By Chris White
The Trump administration announced new rules Wednesday rolling back requirements for energy-saving light bulbs, The New York Times reported.
The Department of Energy (DOE) move will prevent new efficiency standards on light bulbs from taking effect on Jan. 1 under a law passed in 2007 under former President George Bush’s final year in office. Congress passed the legislation to phase out incandescent and halogen bulbs, in exchange for LED light bulbs.
Activists believe the move could contribute to greenhouse gas emissions and are threatening litigation.
“We will explore all options, including litigation, to stop this completely misguided and unlawful action,” Noah Horowitz, director of the Center for Energy Efficiency Standards at the Natural Resources Defense Council, told The New York Times before the announcement.
The DOE says the new standards are unjustifiable.
“This action will ensure that the choice of how to light homes and businesses is left to the American people, not the federal government,” Shaylyn Hynes, an agency spokeswoman, told The Times. The 2007 law requires the department to issue standards “only when doing so would be economically justified.”
The trade association covering light bulb makers applauded the move.
The Obama administration’s effort to expand the law “misconstrued the statute and DOE could not justify that prior effort,” the National Electrical Manufacturers Association said in a statement. The final rule “will not impact the market’s continuing, rapid adoption of energy-saving lighting in the next few years.”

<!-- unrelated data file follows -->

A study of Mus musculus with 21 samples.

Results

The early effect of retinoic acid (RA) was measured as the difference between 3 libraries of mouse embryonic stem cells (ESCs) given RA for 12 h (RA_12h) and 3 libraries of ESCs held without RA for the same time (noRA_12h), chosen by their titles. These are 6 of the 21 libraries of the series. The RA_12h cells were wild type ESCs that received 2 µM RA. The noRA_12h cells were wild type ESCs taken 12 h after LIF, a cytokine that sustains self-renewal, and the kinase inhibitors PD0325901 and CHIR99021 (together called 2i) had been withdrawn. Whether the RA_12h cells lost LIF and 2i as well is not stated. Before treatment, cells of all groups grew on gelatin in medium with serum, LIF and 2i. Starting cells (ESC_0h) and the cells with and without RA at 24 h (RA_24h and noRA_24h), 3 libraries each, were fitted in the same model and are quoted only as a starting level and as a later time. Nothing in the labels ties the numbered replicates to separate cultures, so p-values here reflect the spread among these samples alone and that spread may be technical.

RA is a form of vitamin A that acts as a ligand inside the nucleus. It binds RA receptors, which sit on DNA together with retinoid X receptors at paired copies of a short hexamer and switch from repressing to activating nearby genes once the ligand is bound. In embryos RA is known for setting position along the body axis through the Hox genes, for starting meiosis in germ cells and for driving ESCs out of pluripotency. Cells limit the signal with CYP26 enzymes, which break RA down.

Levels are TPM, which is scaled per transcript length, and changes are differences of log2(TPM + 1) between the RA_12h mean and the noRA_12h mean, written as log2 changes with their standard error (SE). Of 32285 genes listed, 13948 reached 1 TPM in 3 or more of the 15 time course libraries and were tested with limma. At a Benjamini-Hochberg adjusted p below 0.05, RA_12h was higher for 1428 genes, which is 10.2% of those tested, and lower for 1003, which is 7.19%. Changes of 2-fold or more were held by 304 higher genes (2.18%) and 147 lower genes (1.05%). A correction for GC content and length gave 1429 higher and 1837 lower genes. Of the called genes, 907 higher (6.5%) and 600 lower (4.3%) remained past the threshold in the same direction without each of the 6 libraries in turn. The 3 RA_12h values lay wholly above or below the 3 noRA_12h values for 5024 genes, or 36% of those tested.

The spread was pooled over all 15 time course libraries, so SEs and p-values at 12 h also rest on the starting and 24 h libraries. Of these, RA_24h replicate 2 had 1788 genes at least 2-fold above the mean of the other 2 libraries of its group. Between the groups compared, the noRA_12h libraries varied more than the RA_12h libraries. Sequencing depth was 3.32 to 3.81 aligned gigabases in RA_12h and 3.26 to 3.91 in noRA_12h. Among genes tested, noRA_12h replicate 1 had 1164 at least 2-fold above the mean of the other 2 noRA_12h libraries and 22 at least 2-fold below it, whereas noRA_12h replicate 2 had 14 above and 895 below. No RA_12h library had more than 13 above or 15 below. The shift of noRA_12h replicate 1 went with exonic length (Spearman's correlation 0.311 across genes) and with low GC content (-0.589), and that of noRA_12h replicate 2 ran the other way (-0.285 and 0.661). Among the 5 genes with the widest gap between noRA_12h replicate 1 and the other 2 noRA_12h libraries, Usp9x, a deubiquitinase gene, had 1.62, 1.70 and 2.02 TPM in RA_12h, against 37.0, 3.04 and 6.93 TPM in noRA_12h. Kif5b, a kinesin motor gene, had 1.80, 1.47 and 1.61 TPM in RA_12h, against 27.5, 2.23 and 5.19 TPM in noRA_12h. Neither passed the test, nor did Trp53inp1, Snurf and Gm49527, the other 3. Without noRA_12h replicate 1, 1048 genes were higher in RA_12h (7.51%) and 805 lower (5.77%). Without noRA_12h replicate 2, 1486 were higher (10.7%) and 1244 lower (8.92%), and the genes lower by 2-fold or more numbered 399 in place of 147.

The new standards would have required adding four kinds of incandescent and halogen light bulbs, including three-way, which are used in chandeliers; the globe-shaped bulbs found in bathrooms; reflector bulbs used in recessed fixtures; and track lighting.
The Trump administration is also proposing a new rule eliminating a requirement concerning energy efficiency in pear-shaped bulbs, which was scheduled to go into effect Jan. 1, 2020. That rule is subject to a 60-day comment period.
Former President Barack Obama also banned sales of the 100-watt incandescent light bulb in 2012 as part of the Energy Independence and Security Act of 2007. Conservatives complained at the time, calling the bans an infringement on consumers’ rights to choose how they light their homes.